Tommy Fleetwood’s second Rolex Series win at the Nedbank Challenge came with a record first prize cheque of $2.5 million, quite the sum to a National lottery winner in a three-bedroom semi in Leixlip but to the new number 2 on this season’s Race to Dubai, it was like finding a scrunched up fiver in the back pocket of a pair of jeans fresh out of the washing machine.
“I mean, the money’s not that important,” Fleetwood admitted. “Obviously, I guess being a golfer these days, you have a chance at a young age to set your family up for life. I’m just very proud of that, really, and everybody that goes on the journey with you constantly. It’s just really, really cool when you win a tournament, it really is.”
As a qualifying school graduate in 2010, Fleetwood could hardly have dreamt that 217 tournaments on the European Tour later he’d have amassed €18,625,256.41 in earnings on the golf course. That’s before you get to sponsorship deals, regularly exceeding what a top ranked golfer rakes in with club in hand.
It’s no wonder then that the Englishman reportedly had no idea in August of last year that a $154,000 cheque with his name on it went to a Wells Fargo bank account with his namesake’s details attached. An unsuspecting Thomas Fleetwood received $154,480 via direct debit; the then world number 11’s reward for tying 12th at the Open Championship a fortnight prior.
A clerical error at European Tour HQ was supposedly at fault for the misdirected funds with Fleetwood only notified via email after Fleetwood II outed himself on social media with an honest declaration of the undeserved prize.
‘Wrong deposit, please send it back,’ was the crux of the Tour’s blunt request for the money to be returned. Fleetwood II kindly obliged but it begs the question, would anyone have actually noticed the runaway 150gs if the beneficiary kept shtum?
This is the level of rich we’re dealing with now on Tour. 150 grand goes walkabout and nobody bats an eyelid. I performed a forensic analysis of my house the other day when €2 disappeared off the coffee table. Don’t worry, it had just fallen into my shoe, but who’s to blame for this madness?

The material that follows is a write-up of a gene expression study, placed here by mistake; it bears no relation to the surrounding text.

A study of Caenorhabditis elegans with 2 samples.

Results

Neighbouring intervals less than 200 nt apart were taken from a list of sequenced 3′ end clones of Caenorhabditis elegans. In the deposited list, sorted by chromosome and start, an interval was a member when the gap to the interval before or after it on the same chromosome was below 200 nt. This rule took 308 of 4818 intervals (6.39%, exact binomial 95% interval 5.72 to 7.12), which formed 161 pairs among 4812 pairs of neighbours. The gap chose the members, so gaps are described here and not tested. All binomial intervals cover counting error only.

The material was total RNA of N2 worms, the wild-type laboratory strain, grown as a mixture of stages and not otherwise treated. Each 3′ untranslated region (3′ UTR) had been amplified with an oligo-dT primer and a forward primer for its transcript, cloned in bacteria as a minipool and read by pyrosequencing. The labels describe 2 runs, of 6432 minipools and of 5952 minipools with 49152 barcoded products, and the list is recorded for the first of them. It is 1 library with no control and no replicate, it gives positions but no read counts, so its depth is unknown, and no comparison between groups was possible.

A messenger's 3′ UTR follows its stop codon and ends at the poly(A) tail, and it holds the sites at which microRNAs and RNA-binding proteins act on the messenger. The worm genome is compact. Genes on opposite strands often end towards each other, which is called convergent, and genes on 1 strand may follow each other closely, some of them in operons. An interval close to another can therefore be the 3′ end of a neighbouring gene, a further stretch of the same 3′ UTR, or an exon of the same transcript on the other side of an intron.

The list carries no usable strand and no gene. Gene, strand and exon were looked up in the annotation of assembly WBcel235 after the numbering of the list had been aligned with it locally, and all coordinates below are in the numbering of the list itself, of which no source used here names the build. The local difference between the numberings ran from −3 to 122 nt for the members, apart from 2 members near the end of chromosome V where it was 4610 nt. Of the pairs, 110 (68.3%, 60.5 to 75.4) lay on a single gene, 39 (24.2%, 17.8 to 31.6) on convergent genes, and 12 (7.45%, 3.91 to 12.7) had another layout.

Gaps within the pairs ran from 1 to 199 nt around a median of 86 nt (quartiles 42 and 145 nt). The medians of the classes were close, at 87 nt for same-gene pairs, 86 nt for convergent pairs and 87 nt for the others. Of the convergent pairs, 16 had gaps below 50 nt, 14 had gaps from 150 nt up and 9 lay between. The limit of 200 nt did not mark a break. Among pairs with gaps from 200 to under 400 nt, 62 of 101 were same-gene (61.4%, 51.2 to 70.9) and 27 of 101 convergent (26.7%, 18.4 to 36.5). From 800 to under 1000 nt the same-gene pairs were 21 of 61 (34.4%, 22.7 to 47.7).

It was my niece, she thought it would be funny. Sorry, wrong tangent.
Well, not the players, that’s for sure. It was refreshing to watch an emotional Fleetwood so moved, not because of his latest windfall but for finally breaking a 22-month victory drought, even if he used a crisp 20 to wipe the tears away.
No, rather it’s the Tour, intent on throwing money at golf’s problems that must be held accountable. Were we supposed to get excited about a record $2 million first prize cheque in Turkey? A week later and they’d up the ante by half a million in South Africa. It’s risen to $3 million this week in the oil-rich UAE, and that’s before we get into dividing the $5 million bonus pool between the top-5 players on the Race to Dubai.
Good money if you can get it says you, yet the money’s so meaningless that only one of the top-20 golfers in the world bothered to take up Gary Player’s invite to Sun City last week. It’s a clear indication that the brains of the European Tour have to do better than whip out the cheque book to engage a new audience. To date it’s been mind-numbing stuff, creating a complete disconnect between players and ordinary punters whose lives are oversaturated with the Tour already.
Money still matters, don’t get me wrong. Make a top player an offer he can’t refuse with an appearance fee and he’ll board a plane anywhere – the Saudi International will teach you that – but if the premise for European Tour productions like the Rolex Series and end of year playoffs is as basic as making millionaires richer, then you won’t catch me tuning into a propaganda machine on SkySports golf trying to convince me to be interested.
The suits won’t like it but the solution to invigorating audiences in my mind is pulling back. Golf is prostituting itself around the world 24-7, not to grow the game like they’d have you believe but to fill the pockets of corporate sponsors already brimming with prawn sandwiches. Premier League footballers are horrendously overpaid creatures but at least I get a break from them for three months a year. By the time August rolls around, I dare say I’m even excited to ramp up expectation levels for another forlorn Liverpool title bid. In golf, with each passing year, it gets harder to distinguish where one season ends and another begins. Wrap-around season? Wrap-it-up-already. I’m bored. Underpaid. Jealous. Bitter.